Will Word and Wine work well with each other? How about Half-Life and Wine? Photoshop? The answers are just a few mouse-clicks away at CodeWeaver's shiny, new Wine Application Database -- and it can only get better with your help.As the Wine list of frequently asked questions helpfully points out, Wine stands for Wine Is Not an Emulator -- it provides native code for the function calls in Windows libraries so that Windows applications may function in Linux. That makes Wine quite different from emulators, which would have to mimic the entire operating system in order to provide many of the same functions and features that Wine offers.
Wine includes the all-important libraries -- the native code -- that maps Windows function calls to their Linux equivalents, and the program loader, which loads and executes Windows programs. Through Wine, a Linux user can use just about any Windows software available without actually having to bother with using the Windows operating system.
Well, sort of.
Wine is a work in progress, and not everything will work with Wine the way it does with Windows, and in some cases, it may not work at all. The Wine user and developer communities see this as a challenge, not an obstacle, and in some cases have devised creative workarounds to whip a Windows program into shape for use via Wine.
Everyone can now benefit from the shared experiences and frustrations of their fellow Wine-tasters by paying a visit to the CodeWeaver Wine Application Database. The site has been online for about two weeks now, undergoing testing and receiving feedback from the Wine community. The database extends the original concept of Doug Ridgeway's excellent WineHQ Apps Database.
"The key thing we wanted with the new database was a moderated database," says CodeWeaver CEO and founder Jeremy White. "The WineHQ database had a lot of garbage in/garbage out that made it just a little difficult to navigate. It wasn't uncommon to see up to 40 different entries for a single title [in the WineHQ database]."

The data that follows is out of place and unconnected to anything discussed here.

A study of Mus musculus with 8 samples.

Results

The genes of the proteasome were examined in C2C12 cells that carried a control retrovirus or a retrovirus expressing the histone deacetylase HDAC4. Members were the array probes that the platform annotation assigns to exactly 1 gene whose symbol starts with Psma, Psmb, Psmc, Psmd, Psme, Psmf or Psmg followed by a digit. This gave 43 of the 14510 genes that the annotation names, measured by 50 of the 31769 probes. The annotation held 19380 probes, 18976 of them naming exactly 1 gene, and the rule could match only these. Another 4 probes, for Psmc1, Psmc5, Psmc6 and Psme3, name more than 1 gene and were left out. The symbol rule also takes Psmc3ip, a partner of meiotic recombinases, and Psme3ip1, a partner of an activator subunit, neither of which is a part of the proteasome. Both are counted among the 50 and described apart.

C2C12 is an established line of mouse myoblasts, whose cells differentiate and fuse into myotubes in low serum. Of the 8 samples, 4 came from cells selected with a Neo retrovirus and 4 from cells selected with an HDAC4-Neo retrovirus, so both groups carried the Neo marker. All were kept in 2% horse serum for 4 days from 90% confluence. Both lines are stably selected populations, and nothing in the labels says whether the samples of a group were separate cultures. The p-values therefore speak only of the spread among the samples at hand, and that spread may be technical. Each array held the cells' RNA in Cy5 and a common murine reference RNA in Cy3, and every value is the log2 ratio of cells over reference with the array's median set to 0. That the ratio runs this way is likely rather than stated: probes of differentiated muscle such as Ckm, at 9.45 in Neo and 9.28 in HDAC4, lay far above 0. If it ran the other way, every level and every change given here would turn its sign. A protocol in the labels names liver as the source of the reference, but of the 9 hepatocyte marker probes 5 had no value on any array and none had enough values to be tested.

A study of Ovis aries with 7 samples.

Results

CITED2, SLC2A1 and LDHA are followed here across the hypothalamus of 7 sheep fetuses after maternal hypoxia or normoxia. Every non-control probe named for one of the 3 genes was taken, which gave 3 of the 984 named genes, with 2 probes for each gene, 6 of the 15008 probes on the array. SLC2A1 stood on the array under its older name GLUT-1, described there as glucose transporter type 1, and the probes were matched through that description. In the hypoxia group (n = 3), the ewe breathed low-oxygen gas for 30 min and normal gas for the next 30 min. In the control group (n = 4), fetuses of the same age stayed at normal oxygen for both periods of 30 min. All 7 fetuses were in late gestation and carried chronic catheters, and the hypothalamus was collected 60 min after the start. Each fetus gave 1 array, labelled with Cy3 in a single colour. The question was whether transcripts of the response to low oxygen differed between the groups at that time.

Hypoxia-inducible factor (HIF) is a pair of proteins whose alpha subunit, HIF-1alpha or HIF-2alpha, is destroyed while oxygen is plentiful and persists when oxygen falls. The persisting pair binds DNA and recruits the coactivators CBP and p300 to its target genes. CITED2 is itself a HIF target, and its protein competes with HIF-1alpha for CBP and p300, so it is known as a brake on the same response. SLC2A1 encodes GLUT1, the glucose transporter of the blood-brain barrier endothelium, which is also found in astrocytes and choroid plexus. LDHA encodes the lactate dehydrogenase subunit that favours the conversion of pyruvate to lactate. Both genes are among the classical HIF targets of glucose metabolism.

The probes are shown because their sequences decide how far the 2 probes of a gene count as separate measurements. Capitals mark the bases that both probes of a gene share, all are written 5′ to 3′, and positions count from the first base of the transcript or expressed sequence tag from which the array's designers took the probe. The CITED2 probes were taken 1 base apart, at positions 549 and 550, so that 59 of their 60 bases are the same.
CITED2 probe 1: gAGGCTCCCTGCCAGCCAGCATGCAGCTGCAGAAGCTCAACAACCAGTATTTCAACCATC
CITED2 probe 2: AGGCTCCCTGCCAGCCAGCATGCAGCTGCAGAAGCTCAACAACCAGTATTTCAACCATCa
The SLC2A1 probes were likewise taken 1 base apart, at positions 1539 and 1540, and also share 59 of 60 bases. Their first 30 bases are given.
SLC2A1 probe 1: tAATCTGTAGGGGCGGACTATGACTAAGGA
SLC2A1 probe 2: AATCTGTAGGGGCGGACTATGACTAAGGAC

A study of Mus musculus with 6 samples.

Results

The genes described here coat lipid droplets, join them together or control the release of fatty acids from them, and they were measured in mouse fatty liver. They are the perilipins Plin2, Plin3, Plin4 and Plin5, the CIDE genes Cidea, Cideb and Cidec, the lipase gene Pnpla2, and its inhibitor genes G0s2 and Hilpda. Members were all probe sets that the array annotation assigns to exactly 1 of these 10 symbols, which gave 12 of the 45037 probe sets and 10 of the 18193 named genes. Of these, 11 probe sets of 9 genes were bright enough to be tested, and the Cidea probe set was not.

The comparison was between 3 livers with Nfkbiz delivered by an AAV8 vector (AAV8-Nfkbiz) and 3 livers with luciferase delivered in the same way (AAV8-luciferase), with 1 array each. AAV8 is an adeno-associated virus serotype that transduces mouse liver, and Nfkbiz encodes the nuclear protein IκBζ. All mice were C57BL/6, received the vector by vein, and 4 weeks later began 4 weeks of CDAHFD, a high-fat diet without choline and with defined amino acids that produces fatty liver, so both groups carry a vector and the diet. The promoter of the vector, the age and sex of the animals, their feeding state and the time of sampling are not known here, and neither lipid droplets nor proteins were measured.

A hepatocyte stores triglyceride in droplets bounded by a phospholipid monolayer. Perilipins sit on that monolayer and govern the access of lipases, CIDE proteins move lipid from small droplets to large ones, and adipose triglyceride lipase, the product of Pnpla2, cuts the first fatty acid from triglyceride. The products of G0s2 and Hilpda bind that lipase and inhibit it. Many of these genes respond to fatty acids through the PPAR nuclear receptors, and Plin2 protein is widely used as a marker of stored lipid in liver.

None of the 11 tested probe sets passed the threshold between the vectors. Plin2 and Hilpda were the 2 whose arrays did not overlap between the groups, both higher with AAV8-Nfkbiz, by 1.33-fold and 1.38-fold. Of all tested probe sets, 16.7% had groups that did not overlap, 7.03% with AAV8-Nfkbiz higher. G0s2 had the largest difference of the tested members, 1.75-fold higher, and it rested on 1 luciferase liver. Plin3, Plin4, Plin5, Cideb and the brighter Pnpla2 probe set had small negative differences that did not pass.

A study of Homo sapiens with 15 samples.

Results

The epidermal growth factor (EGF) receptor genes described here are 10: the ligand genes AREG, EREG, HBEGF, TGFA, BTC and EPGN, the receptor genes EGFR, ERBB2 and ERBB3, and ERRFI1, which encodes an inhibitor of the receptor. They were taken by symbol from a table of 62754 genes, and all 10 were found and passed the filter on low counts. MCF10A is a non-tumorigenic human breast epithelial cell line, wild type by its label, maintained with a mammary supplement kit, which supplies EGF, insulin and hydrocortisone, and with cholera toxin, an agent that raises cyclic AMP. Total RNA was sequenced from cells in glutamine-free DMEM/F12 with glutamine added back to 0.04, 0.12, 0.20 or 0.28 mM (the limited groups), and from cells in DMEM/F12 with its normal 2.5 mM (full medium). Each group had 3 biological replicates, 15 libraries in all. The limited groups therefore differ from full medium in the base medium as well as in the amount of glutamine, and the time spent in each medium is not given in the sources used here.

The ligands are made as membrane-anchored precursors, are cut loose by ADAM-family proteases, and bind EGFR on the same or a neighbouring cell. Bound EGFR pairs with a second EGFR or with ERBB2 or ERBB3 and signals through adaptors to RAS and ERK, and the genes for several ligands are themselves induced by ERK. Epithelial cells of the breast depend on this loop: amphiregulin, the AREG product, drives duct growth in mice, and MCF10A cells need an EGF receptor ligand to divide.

Because the CodeWeaver Wine Application Database is moderated, multiple entries are eliminated. This consolidates the information into a particular version of each software title, allowing users to find the resources they're looking for in a much faster and easier manner.
Applications are broken down into several main categories, such as games, multimedia, networking, productivity, and so forth. From there, users can browse information on specific Windows software titles and versions. Each title is rated twice on a five-star system, with one star denoting "crashes on load," and five stars indicating the program runs flawlessly. Each program receives a dual rating -- "with Windows" indicates how the application runs when Wine is configured to use a Windows partition, "without Windows" sizes up how that program runs when using Wine's own internal Fake Windows system.
Each version of the program listed has its own comments system, enabling registered users to swap ideas and opinions about a particular program or its method of working with Wine. The system running the new database allows for a high degree of individual customization, and White said there's a chance it may be released as Open Source code in the near future, to allow others to create their own application tracking database services.
The information offered in the new database is a little on the light side at the moment, with just 76 applications listed at the time this report was filed. This can be attributed to the fact that the site is still new -- it's been online for two weeks, but today was the first day its existence was announced outside of the Wine developer community.
The moderation aspects of the new database might cause some users to initially approach this new resource with skepticism. White makes it perfectly clear that CodeWeavers is merely providing the infrastructure to disseminate information that it believes is vital to the success and adoption of Wine. The company exerts no editorial control over the content of the site, and considers it a non-revenue contribution to the community.
To that end, White has issued a volunteer "call-to-arms" of sorts, spreading the word that the only way for the CodeWeavers Wine Application Database to improve is for the community to get involved.
"This is an all volunteer-driven site, and we want people who can step up and own an entry in the database; someone who can take responsibility for a specific title, moderate submissions for that title, or maybe even write up a mini-FAQ for that title," says White.
And what do volunteers get in return, aside from knowing that they've made Wine easier to use and understand for the masses? White says there's a chance that those dedicated experts could get a first look at the latest versions of CodeWeavers Wine.
"This is a great opportunity to volunteer and help Wine," says White.
Anyone interested in becoming an "application owner," taking screenshots of Windows programs running via Wine, or willing to write application HOWTOs for the new database should drop a line to: email@example.com.